Here is your regular Sunday selection of links to good things in Blogville and Beyond.

  • The Finnish composer Jean Sibelius's maternal language was Swedish, and he did not learn Finnish until he was eight years old and became proficient in the language only when he was sent to a Finnish-language school at age 11. That was when he began to encounter the Kalevala text that would be such an important part of his adult compositions. What was Sibelius's spoken Finnish like? [Languagehat]

  • Oh, good Lord. When Alan Rich loses his job -- again, this time with Bloomberg -- you know it is curtains for music critics in the media. Bryant Manning assesses the pros and cons of freelancing, which he should probably enjoy now while it lasts. [Mysteries Abysmal]

  • Savonlinna was already on my radar as a wonderful place because of the opera festival they have there. It is also the birthplace of Ville Leino, who had a knock-out highlight-reel goal for the Detroit Red Wings in what was otherwise a disappointing loss to the Washington Capitals. [Puck Daddy]

  • Food that looks like it would eat you. Creepy. [Boing Boing]

  • Quoth Kyle Gann: "Like flies to roadkill are the musicologists to Ives." I'm not sure to which party this metaphor is more insulting, Ives as roadkill or musicologists as flies. [PostClassic]

  • Matthew Guerrieri remembers his teacher, Lukas Foss. [Boston Globe]

  • David Denby, a film critic with whom I do not always see eye to eye, has hit the nail on the head in his remarks on Benjamin Button's inexplicable sweep of the Oscar nominations: "What is this strange movie really about? A guess: many people in Hollywood endlessly have “work” done to put off aging, and here’s a movie that begins with a wizened baby and ends with physical perfection, a progression that may encapsulate both the nightmares and the dreams of half the Academy. [...] Whatever else it might be, “Benjamin Button” is a celebration of ignorance; it could be a wan kiss goodbye to the Bush era." [The New Yorker]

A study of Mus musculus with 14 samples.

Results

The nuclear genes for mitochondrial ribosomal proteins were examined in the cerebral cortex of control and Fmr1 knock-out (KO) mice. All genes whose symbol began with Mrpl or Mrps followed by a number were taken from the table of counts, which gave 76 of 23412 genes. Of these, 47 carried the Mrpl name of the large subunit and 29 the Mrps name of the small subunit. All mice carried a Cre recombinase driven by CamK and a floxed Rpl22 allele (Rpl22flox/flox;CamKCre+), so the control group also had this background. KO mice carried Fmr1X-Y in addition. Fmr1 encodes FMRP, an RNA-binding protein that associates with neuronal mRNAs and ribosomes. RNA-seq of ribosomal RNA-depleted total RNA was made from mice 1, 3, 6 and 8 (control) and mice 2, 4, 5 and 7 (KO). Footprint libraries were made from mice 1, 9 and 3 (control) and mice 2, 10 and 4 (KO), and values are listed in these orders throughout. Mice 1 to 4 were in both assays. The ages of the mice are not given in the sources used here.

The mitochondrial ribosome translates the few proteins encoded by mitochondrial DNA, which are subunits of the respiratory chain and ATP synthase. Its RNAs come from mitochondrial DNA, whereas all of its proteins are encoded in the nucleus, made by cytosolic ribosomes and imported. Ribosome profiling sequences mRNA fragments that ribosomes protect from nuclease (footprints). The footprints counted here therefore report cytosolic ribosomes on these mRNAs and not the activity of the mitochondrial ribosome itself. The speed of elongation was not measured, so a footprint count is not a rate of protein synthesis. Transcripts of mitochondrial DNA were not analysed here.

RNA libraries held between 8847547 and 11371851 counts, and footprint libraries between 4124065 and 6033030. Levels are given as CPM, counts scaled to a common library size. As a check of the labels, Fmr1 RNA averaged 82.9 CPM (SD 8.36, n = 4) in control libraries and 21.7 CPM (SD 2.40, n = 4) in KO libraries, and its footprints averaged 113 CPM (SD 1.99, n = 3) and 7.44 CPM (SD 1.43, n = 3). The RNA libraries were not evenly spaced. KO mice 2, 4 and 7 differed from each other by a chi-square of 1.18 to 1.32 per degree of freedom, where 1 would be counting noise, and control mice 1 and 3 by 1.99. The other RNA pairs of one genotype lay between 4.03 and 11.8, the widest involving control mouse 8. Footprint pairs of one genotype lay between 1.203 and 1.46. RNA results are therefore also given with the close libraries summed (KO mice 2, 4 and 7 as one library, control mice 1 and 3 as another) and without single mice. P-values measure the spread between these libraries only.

• Composer John Adams: "But there are a lot of young composers in their 20s and 30s who are very anxious to appeal to the same audience that would listen to indie rock. But they are creating a level of musical discourse that's just really bland. I don't think it will have a very long shelf life. The bottom line is art really can't be made easy and palatable without simply losing its meaning and importance. I had this conversation with the new executive director of the Los Angeles Philharmonic. We all went out to dinner and this fellow said, 'I think we should make concerts interactive'. Here I am, someone who's always been the renegade. 'Wait a minute', I said. 'You can't listen to a really important piece of music and have people banging on their BlackBerrys'." [Newsweek]


Anonymous said...

Wonderful, whole lot of varied things to talk about on my radio programme...

Charles T. Downey said...

With credit, of course... ;-) Glad to be of service.

Anonymous said...

The melon carvings (4th link) are extraordinary!